No Fault Found

imageReducing the “No Defect Found” Problem with Expert Systems
A sure sign that a problem is important is when it has many different names. No Fault Found (NFF), No Defect Found (NDF), No Problem Found (NPF), Retest-OK (RETOK) or Could Not Duplicate (CND) — whatever you want to call it, “ghost” failures make fixing healthcare technology systems a chore.

W hen service personnel need to resolve equipment problems, they often “board-swap”, removing Field-Replaceable Units (FRUs) from the malfunctioning medical equipment and replacing them with spare parts. The removed FRUs are often returned to a depot for repair. If depot-level testing can’t discover any FRU functional failure, it renders a verdict of NFF, NDF, NPF or CND — depending on their organization’s type and regulations — and returns the FRU to the spares pool.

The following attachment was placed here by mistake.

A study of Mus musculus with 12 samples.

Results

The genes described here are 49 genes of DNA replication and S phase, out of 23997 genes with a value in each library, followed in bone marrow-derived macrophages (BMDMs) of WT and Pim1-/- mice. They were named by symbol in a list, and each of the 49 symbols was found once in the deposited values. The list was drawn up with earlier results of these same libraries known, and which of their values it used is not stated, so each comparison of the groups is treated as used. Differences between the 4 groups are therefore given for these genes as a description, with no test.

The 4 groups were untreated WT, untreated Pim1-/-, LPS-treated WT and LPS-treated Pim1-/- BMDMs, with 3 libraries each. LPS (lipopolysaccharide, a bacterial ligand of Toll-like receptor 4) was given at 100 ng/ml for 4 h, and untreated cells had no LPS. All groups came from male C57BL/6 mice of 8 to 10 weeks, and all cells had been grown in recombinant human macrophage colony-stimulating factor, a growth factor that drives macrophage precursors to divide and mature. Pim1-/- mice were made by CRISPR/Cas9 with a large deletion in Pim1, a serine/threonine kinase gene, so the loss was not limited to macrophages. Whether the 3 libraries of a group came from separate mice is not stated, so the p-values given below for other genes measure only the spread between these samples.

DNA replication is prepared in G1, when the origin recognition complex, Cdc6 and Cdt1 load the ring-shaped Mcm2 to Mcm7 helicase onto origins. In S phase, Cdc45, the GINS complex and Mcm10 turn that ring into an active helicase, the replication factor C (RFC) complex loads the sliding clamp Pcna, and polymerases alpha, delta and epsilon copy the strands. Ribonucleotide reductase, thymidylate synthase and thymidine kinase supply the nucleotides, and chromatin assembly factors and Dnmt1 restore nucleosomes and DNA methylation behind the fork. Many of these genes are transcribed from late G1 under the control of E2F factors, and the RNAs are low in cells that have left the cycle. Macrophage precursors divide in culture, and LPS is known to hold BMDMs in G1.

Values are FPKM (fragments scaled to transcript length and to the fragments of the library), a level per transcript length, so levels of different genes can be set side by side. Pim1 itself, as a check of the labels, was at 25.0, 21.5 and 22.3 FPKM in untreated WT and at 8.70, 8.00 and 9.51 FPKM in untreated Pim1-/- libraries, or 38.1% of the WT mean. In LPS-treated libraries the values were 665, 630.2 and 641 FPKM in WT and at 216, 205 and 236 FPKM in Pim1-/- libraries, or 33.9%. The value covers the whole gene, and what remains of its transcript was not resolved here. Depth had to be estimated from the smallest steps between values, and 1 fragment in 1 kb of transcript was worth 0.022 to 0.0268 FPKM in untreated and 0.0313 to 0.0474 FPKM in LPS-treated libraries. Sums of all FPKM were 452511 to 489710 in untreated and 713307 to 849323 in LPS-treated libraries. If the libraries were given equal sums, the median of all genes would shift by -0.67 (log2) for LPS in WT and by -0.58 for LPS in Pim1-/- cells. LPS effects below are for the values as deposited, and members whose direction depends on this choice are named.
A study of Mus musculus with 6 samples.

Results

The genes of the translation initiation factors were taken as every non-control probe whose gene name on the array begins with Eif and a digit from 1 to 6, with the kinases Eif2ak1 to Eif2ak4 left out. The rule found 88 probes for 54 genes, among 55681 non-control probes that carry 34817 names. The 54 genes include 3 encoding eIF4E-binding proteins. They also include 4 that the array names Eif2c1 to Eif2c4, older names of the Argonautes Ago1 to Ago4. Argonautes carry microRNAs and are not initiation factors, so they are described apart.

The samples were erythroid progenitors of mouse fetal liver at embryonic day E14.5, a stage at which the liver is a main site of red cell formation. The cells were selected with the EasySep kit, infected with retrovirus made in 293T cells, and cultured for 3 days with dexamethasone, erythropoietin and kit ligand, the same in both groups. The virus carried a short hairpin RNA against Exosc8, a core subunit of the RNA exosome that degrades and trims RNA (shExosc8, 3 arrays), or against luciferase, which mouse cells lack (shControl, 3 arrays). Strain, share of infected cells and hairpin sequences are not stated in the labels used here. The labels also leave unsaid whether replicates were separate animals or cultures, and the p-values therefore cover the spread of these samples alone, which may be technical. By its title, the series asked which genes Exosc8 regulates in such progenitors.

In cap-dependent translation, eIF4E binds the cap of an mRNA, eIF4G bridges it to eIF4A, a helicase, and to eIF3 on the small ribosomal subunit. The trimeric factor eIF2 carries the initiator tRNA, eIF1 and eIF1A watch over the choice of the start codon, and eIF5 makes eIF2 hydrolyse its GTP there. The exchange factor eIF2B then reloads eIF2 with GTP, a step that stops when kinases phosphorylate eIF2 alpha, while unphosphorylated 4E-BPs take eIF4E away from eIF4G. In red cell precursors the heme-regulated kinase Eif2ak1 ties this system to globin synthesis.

A 1995 Reliability Society “failure rate prediction survey” determined that NDF was a major finding in about half of all FRUs returned to the depot. It raises the required levels of spare parts inventories, increases pipeline time and adds to the cost of depot work and manpower.

Another safety-critical industry, airline transportation, may have some lessons for healthcare service managers seeking to improve field service efficiency. A USAirways study showed that the NFF problem has strong impact on Mean Time Between Unscheduled Removal (MTBUR) and Mean Time between Failures (MTBF). The Air Transport Association determined that 4,500 NFF “events” cost its member airlines $100 million annually, as well as causing thousands of flight delays and cancellations.